Homage to a Weeding Hoe

The ideal tool is designed for a common task, and facilitates the completion of that task with ease and comfort. This tool fits comfortably in your hand and balances with the rhythm of your action while you work. An ideal tool is designed to last for years of effort, and possibly get better with age. When you first hold this tool, it feels natural in your grip, however, with repeated use you develop proficiency with its use and master its strengths.

There may be no more perfect tool than a weeding hoe. Its five foot ash handle stands shoulder high, a length that offers the perfect angle when standing in a field and putting it to work. The handle is made of wood that is light but durable. It has a suppleness that let’s the tool flex to your pressure, but, it has the strength to offer necessary resistance. The wood of the shaft is smooth and rounded, at one end it widens in diameter slightly, so you grip knows that the end is near.

The surface of a new hoe’s handle comes smooth, sometimes varnished, or just oiled. It is ready to use, but, over the years, if it is kept out of the rain, the surface is infused with the oils of many hands, or leather gloves. It becomes as supple as silk to the touch.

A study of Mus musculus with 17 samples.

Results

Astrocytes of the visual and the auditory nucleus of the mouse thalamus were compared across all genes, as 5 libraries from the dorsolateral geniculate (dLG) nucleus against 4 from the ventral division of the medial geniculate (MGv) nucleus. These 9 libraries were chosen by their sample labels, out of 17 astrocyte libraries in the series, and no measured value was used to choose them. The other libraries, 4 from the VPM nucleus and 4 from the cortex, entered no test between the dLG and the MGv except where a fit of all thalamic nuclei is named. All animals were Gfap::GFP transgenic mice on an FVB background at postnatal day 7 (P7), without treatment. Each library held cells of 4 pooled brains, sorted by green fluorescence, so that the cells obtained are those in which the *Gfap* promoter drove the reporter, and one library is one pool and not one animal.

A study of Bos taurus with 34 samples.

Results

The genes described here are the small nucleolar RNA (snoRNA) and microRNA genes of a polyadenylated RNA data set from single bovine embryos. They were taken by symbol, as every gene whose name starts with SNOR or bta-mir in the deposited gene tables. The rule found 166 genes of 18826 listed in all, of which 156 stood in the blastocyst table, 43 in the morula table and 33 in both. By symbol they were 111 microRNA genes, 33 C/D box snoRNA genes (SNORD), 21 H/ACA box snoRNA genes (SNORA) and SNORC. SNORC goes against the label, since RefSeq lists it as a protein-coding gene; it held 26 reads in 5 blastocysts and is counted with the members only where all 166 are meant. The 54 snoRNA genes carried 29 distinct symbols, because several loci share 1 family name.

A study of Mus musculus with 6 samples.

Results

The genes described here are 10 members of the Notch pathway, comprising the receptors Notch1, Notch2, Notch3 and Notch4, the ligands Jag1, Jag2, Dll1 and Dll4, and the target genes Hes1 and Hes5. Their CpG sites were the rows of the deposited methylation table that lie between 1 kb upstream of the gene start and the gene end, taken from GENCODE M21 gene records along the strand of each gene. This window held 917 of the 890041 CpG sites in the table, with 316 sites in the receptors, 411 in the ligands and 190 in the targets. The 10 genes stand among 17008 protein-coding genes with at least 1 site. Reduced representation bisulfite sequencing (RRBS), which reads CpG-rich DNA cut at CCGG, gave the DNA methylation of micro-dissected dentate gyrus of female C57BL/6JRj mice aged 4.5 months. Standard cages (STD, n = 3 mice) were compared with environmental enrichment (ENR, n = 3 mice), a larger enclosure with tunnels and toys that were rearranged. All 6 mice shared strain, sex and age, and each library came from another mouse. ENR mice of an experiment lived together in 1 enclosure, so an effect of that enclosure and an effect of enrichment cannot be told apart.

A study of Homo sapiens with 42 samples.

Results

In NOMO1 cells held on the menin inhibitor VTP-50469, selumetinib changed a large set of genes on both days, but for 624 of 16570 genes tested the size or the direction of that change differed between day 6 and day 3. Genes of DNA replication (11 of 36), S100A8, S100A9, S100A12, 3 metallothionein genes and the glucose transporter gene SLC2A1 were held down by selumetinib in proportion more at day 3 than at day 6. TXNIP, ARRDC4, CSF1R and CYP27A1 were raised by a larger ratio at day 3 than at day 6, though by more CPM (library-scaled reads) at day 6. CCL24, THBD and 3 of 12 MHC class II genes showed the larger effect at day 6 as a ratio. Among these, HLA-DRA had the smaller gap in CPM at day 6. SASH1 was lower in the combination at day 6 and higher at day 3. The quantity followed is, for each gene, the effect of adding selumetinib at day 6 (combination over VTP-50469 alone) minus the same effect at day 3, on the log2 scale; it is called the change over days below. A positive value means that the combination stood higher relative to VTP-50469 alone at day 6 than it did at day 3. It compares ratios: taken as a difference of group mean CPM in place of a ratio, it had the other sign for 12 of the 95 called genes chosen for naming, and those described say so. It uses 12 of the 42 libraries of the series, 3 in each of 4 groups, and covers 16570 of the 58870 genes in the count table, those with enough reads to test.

A weeding hoe is not meant for breaking up clods of dirt or deeply aerating the soil, but rather for topping the greens that spring up from weed roots at surface level and stunting their growth, giving the row crop a chance to get ahead, and find their place in the sun. So, the weeding hoe has a thin blade, not the wide flattened trowel of the common gardening hoe. This blade is five or six inches across, and about the width of a 10” chef’s knife.

The blade is honed to an edge each day before being put to work. Put the neck of the tool into a vise, with the end of the handle on the floor, and the blade sits at the perfect angle to be sharpened with a fine metal file. As the blade metal is soft, just a few strokes at the appropriate angle brings it back to life. The business end is bright with new metal. The rest of the blade is blackened, with a patina of soil from past labors.

When you take a sharpened hoe into the field, its use could not be more obvious. When held in two hands at 45 degrees, the blade is almost parallel to the smooth surface of the garden soil. It is sharp enough to slice through any plant like a guillotine, beheading crabgrass, buckhorn, bindweed, Lamb’s quarter, and dandelion alike. Wielded carefully, the blade is short enough to cut close to the crop you aim to save, while not disturbing its progress.

Even the most careful gardener will occasionally decapitate a young cabbage or lettuce, however, this is where the practice brings mastery to the simple task. While it takes a moment to understand the use of this wonderful tool, years of practice will improve your speed and accuracy. There lies the satisfaction of simple labor.

While some choose meditation, and some prayer, I find there is no better place for quiet contemplation than walking backwards along a long garden row, hoe in hand, freeing young crop plants from their competition. There is no greater sense of accomplishment than looking back at a field, made of of 20 or 30 long rows, and seeing it transformed into a rich brown loamy surface, with only the regular interruption of evenly spaced crops.